The COVID-19 pandemic has impacted influenza surveillance around the world. Although the first pandemic wave reached Europe in February 2020, only overlapping with the 2019/2020 influenza season in the last couple of weeks, DRIVE’s study network was inevitably impacted. An analysis of all the Challenges and Adaptation from the DRIVE perspective has been published by DRIVE partners in the International Journal for Environmental Research and Public Health (IJERPH) on 5 January 2021.

Experience from the DRIVE Project

COVID-19 and influenza are both respiratory infectious diseases with similar clinical presentation. As a consequence, the COVID-19 pandemic directly impacted influenza surveillance systems and data collection at the DRIVE study sites.

With healthcare systems pushed to their limits, authorities and governments introduced measures to reduce virus spread, dramatically affecting the transmission of other infectious diseases like influenza. The interruption of the collection of influenza swabs in mid-March of 2020 in some study sites have had a direct effect on the project workflow. Altogether, these events have urged DRIVE to account for the COVID-19 pandemic in its Influenza Vaccine Effectiveness (IVE) study platform.

The publication explains how DRIVE has updated both the Statistical Analysis Plan (SAP) and the IVE results report for the 2019/2020 season to account for the altered COVID-19 case management and influenza surveillance among study sites (i.e. study period and sensitivity analysis).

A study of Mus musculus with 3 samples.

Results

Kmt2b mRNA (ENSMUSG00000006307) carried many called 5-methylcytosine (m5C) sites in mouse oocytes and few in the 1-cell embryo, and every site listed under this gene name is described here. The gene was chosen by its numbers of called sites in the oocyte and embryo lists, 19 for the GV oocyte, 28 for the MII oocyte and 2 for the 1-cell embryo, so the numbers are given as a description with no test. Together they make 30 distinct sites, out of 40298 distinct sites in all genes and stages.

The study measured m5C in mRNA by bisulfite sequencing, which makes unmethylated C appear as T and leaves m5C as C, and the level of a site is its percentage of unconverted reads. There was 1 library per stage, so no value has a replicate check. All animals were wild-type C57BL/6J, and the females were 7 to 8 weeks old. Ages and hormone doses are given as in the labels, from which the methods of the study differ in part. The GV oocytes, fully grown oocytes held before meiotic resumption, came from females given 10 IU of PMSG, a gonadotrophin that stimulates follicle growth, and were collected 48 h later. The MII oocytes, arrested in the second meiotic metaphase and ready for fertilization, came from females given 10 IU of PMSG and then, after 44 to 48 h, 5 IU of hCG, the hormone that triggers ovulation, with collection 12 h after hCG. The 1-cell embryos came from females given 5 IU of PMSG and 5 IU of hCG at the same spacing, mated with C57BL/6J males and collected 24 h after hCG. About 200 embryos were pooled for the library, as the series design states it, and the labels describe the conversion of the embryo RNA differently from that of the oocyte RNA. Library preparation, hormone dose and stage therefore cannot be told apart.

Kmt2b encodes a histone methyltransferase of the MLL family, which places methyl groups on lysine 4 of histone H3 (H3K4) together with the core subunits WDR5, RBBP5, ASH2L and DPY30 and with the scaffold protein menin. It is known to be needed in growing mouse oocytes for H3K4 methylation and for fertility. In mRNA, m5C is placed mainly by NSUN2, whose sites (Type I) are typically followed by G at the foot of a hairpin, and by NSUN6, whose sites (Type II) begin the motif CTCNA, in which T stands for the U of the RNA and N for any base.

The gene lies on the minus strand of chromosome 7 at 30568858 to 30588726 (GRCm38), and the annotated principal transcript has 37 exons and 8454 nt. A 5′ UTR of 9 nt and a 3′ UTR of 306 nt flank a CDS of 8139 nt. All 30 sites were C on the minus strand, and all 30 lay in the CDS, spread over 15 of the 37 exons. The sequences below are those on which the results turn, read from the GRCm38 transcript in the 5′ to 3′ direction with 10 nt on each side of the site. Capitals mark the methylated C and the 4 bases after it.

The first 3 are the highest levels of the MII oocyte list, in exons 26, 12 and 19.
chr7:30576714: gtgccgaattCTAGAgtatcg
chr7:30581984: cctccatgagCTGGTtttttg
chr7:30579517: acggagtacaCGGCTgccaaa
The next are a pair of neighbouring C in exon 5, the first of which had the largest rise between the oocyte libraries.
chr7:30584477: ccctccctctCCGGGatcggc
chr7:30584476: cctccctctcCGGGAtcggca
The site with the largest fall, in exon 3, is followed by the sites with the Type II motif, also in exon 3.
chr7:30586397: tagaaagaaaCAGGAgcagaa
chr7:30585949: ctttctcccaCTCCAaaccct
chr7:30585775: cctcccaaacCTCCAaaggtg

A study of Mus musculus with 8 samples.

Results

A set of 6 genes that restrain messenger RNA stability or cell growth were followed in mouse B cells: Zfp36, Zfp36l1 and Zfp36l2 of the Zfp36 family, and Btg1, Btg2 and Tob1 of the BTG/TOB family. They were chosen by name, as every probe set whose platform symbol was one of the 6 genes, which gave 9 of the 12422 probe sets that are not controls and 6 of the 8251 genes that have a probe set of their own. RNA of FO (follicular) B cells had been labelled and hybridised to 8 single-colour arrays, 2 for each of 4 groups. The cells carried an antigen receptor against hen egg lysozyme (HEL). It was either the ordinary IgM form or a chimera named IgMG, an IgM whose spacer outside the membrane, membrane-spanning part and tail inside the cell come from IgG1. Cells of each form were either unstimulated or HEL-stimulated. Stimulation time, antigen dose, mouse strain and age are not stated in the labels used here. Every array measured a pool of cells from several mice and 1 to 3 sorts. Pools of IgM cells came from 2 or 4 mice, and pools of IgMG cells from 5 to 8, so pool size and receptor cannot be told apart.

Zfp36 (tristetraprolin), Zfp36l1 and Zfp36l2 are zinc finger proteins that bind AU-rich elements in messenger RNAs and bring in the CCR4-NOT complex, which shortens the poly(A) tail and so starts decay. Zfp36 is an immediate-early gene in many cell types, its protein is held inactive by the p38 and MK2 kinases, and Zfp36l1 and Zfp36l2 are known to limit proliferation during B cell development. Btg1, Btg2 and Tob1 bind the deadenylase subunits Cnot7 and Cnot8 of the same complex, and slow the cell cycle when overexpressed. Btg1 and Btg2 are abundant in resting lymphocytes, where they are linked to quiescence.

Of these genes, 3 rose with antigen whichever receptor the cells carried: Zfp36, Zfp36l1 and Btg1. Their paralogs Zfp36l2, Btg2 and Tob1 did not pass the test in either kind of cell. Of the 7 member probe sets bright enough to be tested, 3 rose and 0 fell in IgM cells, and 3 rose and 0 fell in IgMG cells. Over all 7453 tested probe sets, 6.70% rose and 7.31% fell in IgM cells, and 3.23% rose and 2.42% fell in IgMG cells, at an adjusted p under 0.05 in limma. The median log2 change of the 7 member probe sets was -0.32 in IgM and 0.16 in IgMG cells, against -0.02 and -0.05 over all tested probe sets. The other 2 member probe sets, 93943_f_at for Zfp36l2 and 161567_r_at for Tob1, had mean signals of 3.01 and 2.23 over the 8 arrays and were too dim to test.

The article also provides the experiences of two DRIVE study sites in 2019/2020, detailing the management of the DRIVE study during the COVID-19 pandemic as well as the challenges faced and the subsequently designed solutions. Each of the study sites approached the DRIVE study in response to the COVID-19 pandemic in different and unique ways: CIRI-IT hospital network in Italy had to deal with an intense COVID-19 outbreak, whereas HUS Jorvi Hospital in Finland faced a moderate COVID-19 outbreak.

On another note, and anticipating the impact of COVID-19 on the IVE Studies for the upcoming influenza season, the DRIVE Study Platform has explored adaptation strategies for the 2020/2021 season. This includes using it as a feasibility study for discussion on how COVID-19 variables can be collected by study sites and implemented in the study platform to better understand how COVID-19 would impact brand-specific IVE. Also, DRIVE has updated its test-negative design protocol for the 2020/2021 season in order to account for several COVID-19 particularities including some new variables such as COVID-19 positivity in the current season (based on Reverse-transcriptase Polymerase chain reaction (RT-PCR) test results). Finally, triage strategies will differ among sites in the 2020/2021 season. The majority of the DRIVE study sites have established a common triage for all Severe Acute Respiratory Infection (SARI)/Influenza-like Illness (ILI) RT-PCR. However, other sites will prioritize SARS-CoV-2 testing, and only the swabs testing negative for SARS-CoV-2 will be stored for subsequent influenza testing.

In the future, as mentioned in the article, DRIVE proposes to leverage the COVID-19 experience during the 2019/2020 and 2020/2021 seasons to design a proposal for a post-DRIVE study platform for influenza and other potential respiratory diseases (e.g. COVID-19, respiratory syncytial virus (RSV)) by developing a proof of concept. This proof of concept will consider the feasibility of adapting the DRIVE influenza study platform for the evaluation of future COVID-19 vaccines and will propose a Public Private Partnership (PPP) model to create a common study platform to monitor the effectiveness of vaccines intending to prevent several respiratory infectious diseases.